In the bowels of the Museum of New Zealand Te Papa Tongarewa, the little frog waited. In 2005 scientists had released its bones from its sediment tomb on the banks of the Waipara River in North Canterbury.
The discoverers – Bruce Marshall, Phil Maxwell, and Al Mannering – had carefully collected the tiny bones that remained and deposited them in the museum where they were identified as belonging to a frog before they were gently packed away. There the little frog waited like a heirloom toy waiting for the next generation of scientists to rediscover and treasure it.
A few years later the lid was lifted on the little frogs’ new home. Its bones were carefully taken from its box and placed under the microscope. Every bump and groove was described in detail and compared to other frogs from around Aotearoa New Zealand.
Convinced they had discovered something new, the researchers including Luke Easton from the Department of Conservation, Alan Tennyson from Te Papa, and myself, decided to gift the little frog a name: Bishop’s frog (Leiopelma bishopi) named after another one-of-a-kind in the frog world, New Zealand’s frogman, the late Professor Phil Bishop who sadly passed away earlier this year, in honour of his services to frog conservation.
Phil was passionate about New Zealand’s unique frogs. He was a walking frog encyclopaedia, rattling off their scientific names without hesitation, where in the world they lived, and all their weird and wonderful behaviours. The frogman was immensely proud of the species of South African mistbelt moss frog Anhydrophyrne ngongoniensis he had described, and would excitedly show people a photo of the frog. To frogs, Phil was their David Attenborough or Gerald Durrell.
With the discovery of Bishop’s frog from the depths of a Dark Age in frog evolution in Aotearoa, its story can finally be told.
New Zealand’s ancient Leiopelma frogs are known from three relictual endangered species, Archey’s, Hochstetter’s, and Hamilton’s frogs, and a handful of recently extinct species that include Markham’s, Waitomo, and Aurora frogs – indeed, Phil would show anyone who was interested the subfossil bones of Markham’s frog he had in his office. The fossil bones of Aotearoa’s recent frogs, dating back 20,000 years to the height of the last Ice Age, have been found throughout wet, forested areas of the North Island, and western and southern areas of the South Island.
The only other Leiopelma fossils known to palaeontologists date back to that Miocene wonderland of St Bathans 16-19 million years ago, where fragmentary remains have been attributed to two different species.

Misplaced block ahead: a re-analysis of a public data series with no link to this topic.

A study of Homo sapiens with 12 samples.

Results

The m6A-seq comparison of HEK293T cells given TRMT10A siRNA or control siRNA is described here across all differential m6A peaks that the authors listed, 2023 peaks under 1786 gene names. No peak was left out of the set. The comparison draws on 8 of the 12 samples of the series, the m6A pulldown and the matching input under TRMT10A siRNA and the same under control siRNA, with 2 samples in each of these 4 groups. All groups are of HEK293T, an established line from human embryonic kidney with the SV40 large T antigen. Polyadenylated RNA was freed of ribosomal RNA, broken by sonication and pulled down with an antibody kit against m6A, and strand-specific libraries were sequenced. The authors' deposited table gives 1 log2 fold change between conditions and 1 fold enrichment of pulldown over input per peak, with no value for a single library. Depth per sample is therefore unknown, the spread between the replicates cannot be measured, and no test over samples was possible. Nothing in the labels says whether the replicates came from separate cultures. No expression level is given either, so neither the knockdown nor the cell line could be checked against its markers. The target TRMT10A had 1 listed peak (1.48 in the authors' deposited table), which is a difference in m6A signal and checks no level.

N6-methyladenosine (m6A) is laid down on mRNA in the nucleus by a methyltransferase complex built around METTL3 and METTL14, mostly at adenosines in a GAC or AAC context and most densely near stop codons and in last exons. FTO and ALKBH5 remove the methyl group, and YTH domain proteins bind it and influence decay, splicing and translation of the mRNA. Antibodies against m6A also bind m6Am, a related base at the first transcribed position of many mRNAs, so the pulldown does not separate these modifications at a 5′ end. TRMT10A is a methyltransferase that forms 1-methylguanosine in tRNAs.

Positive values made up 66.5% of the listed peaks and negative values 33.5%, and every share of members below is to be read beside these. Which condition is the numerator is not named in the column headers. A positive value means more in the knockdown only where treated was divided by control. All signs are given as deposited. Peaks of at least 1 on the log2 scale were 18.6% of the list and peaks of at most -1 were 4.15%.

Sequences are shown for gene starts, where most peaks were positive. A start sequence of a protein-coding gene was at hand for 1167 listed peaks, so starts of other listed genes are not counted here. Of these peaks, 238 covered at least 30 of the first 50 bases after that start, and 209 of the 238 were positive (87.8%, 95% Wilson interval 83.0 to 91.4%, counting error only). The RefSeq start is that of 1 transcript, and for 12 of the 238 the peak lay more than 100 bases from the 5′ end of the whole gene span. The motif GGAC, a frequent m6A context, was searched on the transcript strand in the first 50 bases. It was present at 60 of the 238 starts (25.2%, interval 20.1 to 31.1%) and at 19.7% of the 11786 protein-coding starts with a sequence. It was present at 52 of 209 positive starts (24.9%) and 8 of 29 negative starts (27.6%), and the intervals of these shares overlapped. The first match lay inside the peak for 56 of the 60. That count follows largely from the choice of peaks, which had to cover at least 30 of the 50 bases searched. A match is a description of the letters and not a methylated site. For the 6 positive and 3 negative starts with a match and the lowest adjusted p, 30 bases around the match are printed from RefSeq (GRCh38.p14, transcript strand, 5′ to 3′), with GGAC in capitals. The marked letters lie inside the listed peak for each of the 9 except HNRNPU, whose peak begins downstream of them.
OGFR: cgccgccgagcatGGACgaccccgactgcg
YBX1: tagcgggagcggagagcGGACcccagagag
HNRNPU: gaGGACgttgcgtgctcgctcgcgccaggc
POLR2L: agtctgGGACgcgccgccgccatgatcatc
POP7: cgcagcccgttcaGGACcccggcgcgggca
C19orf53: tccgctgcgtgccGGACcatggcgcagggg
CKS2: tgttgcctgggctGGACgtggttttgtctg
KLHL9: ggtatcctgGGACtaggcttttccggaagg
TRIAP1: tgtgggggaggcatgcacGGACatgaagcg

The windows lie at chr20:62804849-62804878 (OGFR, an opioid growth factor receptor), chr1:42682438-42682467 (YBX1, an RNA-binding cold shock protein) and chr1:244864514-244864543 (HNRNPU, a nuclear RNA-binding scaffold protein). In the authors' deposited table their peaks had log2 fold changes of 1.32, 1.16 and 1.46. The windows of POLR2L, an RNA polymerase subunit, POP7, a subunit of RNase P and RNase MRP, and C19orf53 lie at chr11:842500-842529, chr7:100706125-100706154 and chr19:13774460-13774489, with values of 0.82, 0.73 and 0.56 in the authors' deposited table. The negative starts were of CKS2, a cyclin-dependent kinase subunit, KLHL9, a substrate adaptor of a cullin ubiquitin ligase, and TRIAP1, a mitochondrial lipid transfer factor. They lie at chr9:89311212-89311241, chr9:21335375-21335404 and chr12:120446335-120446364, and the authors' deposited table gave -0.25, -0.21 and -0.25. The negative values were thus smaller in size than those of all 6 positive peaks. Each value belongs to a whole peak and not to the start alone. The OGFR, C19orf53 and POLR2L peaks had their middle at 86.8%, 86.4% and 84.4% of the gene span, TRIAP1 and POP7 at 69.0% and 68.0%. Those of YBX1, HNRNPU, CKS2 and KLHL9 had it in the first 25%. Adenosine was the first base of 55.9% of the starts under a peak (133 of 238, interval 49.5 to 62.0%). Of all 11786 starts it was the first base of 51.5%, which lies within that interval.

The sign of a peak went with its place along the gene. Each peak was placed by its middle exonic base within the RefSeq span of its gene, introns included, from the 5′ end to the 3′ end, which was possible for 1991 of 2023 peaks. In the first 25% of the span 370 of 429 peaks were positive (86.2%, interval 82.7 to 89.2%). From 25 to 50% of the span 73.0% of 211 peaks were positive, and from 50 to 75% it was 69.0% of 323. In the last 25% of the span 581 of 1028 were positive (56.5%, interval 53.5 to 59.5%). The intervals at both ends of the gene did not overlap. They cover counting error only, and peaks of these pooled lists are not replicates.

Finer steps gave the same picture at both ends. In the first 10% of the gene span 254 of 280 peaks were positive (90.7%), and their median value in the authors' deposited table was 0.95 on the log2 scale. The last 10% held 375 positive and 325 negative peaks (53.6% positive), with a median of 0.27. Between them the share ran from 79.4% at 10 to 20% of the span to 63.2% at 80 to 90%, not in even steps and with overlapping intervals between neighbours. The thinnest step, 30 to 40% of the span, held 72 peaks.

Bishop’s frog lived in a world that to us would have been somewhat alien. North Canterbury 3.7-2.4 million years ago was warm, wet, and humid, dominated by kahikatea and rimu forest. Not the hot, dry, and dusty landscape I associate with it now from fossil excavations and road trips as a kid through the Lewis Pass to visit my grandparents.
Preserved in lake sediments from this ancient world were the bones of Bishop’s frog and another much larger Leiopelma frog (though its story will need to wait until more bones are found). When my PhD student Luke Easton examined the tiny frog bones in the basement of Te Papa, he knew he’d stumbled upon something old, something new. Having spent weeks pouring over the minutiae of hundreds of frog bones, he knew the shape of each bone and how they differed between different frogs like the back of his hand.
Bishop’s frog didn’t look like anything he had seen before. Fittingly as Phil was one of the fathers of New Zealand frog research, Bishop’s frog can be thought of as the forefather (or direct ancestor if you will) of all living and recently extinct frogs in New Zealand.
So why did our little frog go extinct? At the time Bishop’s frog lived, continual uplift of the South Island’s Southern Alps (think the Misty Mountains out of Lord of the Rings) created a rain shadow in eastern areas Bishop’s frog called home. Cooling associated with that long, dark winter of the Pleistocene Ice Ages resulted in Bishop’s frog home becoming arid….not the wet forested paradise it was used to. The forests that cloaked the area became fragmented and retreated to refugia. It’s likely Bishop’s frog home was completely lost to the mists of time, and sadly Bishop’s frog with it.
Despite its loss, Bishop’s frog has told us a lot about frog evolution in New Zealand and the impact climate change, both natural and human-driven, can have on isolated island ecosystems.
So, here’s to you Phil, and our little frog. From small beginnings, you have both left big legacy’s. It only seems fitting that you have both been immortalised as a one-of-a-kind frog with a rich story to tell.